Contribution of ecological evaluation of executive disorders in multiple sclerosis

Service de Neurologie, Centre Hospitalier Universitaire, Hôpital Général, Dijon, France.
Revue Neurologique (Impact Factor: 0.66). 11/2006; 162(10):964-9.
Source: PubMed


Multiple sclerosis (MS) is a major cause of neurological disability among young adults. The cognitive disorders are the second cause of alteration of quality of life after physical handicap and are often responsible for loss of social-occupational adaptability. The prevalence of cognitive disorders is 40 to 65%. The alteration of executive functions predominates whereas instrumental functions are generally preserved. The assessment of these disorders is often underestimated by the usual battery of neuropsychological tests. However, the link between psychometric results and executive difficulties of daily life is uncertain.
To evaluate the sensitivity of an ecological test compared to standard psychometric tests in assessment of executive disorders in MS.
Twenty subjects with clinically definite MS were matched for age, sex and pre-morbid intellectual level with control subjects. A battery of neuropsychological and ecological tests was applied to all subjects. The performances on these tests formed a global score of executive function (SFE). The "paper and pencil" multiple errands test was used as the ecological test to examine planning and goal-oriented behavior. We also assessed fatigue and depression with the Fatigue Severity Scale and the Beck Depression Inventory.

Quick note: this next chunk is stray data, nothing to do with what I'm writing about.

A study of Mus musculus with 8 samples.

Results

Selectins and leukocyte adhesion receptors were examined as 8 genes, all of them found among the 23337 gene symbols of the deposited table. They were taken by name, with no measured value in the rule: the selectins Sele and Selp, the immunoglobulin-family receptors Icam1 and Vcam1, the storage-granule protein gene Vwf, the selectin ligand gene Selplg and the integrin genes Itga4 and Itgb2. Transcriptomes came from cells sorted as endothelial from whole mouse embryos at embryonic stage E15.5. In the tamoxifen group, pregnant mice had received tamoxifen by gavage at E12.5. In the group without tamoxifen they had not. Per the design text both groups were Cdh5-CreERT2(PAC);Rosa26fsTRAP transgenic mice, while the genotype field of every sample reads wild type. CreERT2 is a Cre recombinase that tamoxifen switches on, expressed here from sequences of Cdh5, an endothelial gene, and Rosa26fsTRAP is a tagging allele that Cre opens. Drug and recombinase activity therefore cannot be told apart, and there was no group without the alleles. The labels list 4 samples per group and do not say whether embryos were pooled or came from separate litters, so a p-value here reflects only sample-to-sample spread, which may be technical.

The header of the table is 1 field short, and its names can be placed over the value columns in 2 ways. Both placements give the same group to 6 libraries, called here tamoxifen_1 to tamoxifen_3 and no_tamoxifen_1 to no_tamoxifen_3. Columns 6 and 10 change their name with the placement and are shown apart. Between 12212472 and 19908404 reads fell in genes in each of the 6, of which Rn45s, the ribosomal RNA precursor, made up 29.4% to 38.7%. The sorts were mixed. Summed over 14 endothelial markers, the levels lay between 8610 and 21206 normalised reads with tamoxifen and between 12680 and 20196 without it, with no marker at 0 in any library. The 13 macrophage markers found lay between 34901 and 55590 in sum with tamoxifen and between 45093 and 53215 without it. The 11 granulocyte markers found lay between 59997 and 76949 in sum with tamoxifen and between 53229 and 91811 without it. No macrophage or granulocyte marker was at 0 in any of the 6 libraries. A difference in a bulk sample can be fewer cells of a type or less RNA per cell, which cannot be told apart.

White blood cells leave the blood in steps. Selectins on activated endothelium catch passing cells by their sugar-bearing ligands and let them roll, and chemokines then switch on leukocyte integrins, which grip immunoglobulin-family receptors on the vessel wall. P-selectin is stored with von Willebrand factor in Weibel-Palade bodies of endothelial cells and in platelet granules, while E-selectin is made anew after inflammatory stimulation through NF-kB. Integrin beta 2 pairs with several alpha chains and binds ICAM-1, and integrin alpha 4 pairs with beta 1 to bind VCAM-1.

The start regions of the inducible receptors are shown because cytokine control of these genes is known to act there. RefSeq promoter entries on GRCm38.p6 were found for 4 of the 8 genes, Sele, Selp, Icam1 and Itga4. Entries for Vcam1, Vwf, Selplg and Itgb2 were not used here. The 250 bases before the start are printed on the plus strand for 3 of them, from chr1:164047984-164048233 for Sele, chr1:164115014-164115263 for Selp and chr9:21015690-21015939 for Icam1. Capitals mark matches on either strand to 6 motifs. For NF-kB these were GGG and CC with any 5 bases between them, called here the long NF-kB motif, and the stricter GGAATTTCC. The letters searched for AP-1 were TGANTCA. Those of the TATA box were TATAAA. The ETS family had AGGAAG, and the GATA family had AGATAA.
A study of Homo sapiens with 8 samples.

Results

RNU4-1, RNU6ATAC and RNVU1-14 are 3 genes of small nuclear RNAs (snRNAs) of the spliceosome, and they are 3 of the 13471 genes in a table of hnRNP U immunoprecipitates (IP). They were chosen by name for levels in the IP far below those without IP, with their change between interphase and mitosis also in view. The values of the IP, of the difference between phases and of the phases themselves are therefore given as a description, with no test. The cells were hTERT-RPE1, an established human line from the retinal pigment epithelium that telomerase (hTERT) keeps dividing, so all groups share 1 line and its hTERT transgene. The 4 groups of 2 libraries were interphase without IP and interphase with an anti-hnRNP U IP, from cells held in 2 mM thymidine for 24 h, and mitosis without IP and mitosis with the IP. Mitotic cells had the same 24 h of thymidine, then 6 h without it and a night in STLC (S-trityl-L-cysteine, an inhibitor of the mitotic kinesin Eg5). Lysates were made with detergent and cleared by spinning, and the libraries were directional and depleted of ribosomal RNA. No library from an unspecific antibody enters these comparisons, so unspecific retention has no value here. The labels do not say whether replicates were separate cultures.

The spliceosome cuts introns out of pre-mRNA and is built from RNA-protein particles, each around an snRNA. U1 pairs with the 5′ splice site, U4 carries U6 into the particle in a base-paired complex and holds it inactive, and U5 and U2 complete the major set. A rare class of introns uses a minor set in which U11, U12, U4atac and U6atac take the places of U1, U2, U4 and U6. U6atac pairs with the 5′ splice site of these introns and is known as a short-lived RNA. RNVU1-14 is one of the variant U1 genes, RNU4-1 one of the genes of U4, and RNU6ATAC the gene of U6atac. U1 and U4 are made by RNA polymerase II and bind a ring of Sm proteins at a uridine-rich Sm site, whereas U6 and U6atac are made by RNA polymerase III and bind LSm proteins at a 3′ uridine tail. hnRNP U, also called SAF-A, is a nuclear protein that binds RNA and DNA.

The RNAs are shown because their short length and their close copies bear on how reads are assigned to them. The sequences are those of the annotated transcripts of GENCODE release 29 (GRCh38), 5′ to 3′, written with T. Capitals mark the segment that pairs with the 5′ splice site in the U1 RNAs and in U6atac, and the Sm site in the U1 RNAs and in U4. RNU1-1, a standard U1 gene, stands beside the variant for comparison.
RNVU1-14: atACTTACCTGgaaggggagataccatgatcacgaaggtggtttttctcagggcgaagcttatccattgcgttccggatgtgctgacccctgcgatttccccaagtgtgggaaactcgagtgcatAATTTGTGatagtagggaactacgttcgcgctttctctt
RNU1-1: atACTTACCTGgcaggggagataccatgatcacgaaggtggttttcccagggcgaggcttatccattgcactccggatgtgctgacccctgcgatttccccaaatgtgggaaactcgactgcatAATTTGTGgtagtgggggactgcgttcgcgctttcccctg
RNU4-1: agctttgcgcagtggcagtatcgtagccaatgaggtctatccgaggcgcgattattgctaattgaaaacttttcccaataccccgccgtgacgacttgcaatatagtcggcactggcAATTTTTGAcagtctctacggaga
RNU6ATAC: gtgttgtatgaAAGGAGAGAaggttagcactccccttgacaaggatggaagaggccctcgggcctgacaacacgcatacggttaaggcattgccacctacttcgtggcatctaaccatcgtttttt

There was no significant differences between MS patients and controls in neuropsychological executive tests, except for verbal fluencies (p=0.01). The performances were significantly decreased in the MS group for the multiple errands test (p=0.01). 75% of MS subjects have a pathological score for this test. There was a significant link between the performances with this test and SFE (p=0.009).
Executive disorders are underestimated in MS. However, we suggest that an ecological approach is more reliable than standard neuropsychological tests to estimate the cognitive difficulties in daily life in MS subjects. The results of our study favor further research to ascertain the usefulness of ecological assessment in MS.